Can AI Help To Diagnose Mental Illness?

Last year I wrote about a fascinating project involving researchers from Swansea University.  They were looking to utilize big data to better understand the issues surrounding the impact mental health has on young people.

They analyzed data from 358,000 people aged between 6 and 18 years of age living in Wales between 2003 and 2013.  The data was gleaned from GPs and NHS primary care services.

The data revealed that antidepressant use rose significantly, with depression symptoms doubling in that time.  Interestingly however, actual diagnoses of depression fell by roughly a quarter.

‘These findings add to the growing debate over increasing prescribing of anti-depressants to children and young people. The main issue is whether they being prescribed appropriately. However, it’s worth remembering that there has been historical under- treatment of mental disorders in young people. It’s important that each individual young person is listened to and gets the right kind of help for their problem,” the researchers say.

Utilizing machine learning

Suffice to say, data is at the heart of machine learning, and a recent study from the University of Alberta highlights the promise of automating the diagnosis and treatment of mental health disorders.  The study uses MRI images of people who have been both newly diagnosed with schizophrenia and healthy subjects.  They believe that by examining the connections in a brain region called the superior temporal cortex, they can successfully identify schizophrenia patients with 78% accuracy.  It was also able to predict with 82% accuracy whether that person would respond to specific treatments or not.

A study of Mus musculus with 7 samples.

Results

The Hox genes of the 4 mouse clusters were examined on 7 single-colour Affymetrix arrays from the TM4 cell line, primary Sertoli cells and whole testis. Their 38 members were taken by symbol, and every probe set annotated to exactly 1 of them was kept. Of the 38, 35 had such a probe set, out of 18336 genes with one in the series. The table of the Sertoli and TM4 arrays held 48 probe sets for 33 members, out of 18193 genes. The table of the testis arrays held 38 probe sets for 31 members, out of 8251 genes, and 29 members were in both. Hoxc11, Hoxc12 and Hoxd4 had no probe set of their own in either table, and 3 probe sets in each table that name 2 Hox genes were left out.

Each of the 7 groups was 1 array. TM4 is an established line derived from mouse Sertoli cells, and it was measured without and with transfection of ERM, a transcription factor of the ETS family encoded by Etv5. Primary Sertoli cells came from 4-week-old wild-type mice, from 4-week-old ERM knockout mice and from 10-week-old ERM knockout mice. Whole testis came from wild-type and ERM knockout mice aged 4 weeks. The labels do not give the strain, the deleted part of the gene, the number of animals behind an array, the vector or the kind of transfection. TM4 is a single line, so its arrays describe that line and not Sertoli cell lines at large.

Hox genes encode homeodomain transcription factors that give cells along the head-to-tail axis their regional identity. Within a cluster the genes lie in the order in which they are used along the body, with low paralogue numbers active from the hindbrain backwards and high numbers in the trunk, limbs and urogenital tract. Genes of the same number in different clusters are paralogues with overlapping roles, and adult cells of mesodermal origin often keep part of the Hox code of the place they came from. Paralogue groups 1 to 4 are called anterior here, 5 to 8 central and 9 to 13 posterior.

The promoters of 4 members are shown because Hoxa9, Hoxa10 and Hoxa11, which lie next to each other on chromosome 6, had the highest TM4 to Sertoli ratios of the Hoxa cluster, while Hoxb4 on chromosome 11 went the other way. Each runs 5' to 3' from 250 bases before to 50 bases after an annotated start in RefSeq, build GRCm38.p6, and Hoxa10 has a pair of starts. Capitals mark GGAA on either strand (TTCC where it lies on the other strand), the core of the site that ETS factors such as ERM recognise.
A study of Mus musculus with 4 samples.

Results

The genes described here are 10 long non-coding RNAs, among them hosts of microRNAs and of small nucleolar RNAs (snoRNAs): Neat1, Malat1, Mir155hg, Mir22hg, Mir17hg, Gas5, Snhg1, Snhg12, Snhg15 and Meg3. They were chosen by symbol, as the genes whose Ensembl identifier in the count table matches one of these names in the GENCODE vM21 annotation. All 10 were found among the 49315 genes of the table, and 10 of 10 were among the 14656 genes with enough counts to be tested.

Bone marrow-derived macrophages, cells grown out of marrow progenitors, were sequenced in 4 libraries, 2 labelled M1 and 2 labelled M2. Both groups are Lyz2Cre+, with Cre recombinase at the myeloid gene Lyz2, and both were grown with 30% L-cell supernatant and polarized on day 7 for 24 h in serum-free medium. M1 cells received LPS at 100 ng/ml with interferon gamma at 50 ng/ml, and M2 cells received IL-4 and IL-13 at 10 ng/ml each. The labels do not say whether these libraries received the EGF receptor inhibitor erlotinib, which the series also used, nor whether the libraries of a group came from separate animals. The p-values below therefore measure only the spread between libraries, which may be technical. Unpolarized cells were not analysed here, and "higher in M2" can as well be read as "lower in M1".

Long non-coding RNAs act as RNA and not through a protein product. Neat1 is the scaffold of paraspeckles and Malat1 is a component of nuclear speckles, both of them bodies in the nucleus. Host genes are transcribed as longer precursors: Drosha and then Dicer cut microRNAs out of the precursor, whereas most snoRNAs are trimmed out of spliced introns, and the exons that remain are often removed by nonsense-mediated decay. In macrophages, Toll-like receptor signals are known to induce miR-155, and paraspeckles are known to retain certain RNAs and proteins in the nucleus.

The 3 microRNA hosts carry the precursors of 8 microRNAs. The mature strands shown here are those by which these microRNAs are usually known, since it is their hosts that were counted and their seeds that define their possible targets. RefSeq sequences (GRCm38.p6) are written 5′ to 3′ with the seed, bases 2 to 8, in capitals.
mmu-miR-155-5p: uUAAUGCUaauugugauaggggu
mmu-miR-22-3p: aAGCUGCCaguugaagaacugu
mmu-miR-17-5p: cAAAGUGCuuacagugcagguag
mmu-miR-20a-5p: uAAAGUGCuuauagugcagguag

“This is the first step, but ultimately we hope to find reliable biomarkers that can predict schizophrenia before the symptoms show up,” the researchers say. “We also want to use machine learning to optimize a patient’s treatment plan. It wouldn’t replace the doctor. In the future, with the help of machine learning, if the doctor can select the best medicine or procedure for a specific patient at the first visit, it would be a good step forward.”

As with so many medical conditions, early diagnosis is key to the successful treatment of schizophrenia, which is estimated to affect roughly 1% of the population during their lives. This allows medical staff to devise a personalized treatment strategy that goes beyond the trial-and-error approach that sadly dominates today.

Many of these data and AI driven projects are at an early stage, and much more work is required before they can make a different to people’s lives.  The Canadian team accept this and aim to further test their approach on a larger sample to try and improve the accuracy they’re capable of achieving, but the initial results are certainly interesting.

“It will be a joint effort of the patients, psychiatrists, neuroscientists, computer scientists and researchers in other disciplines to build better tools for precise mental health,” they conclude. “We have a Computational Psychiatry group at U of A with a team of excellent clinicians and scientists to work collaboratively on this challenging problem.”

Of course, a challenge with their approach is that it requires MRI images to be effective, which may not be available at an early enough stage to be useful.  Perhaps the ultimate solution will combine the approach taken by the Welsh team with that of the Canadian team, so that standard medical record data can provide early warning signs, before an MRI then confirms the suspicions.  It will be interesting to see how both projects progress from here.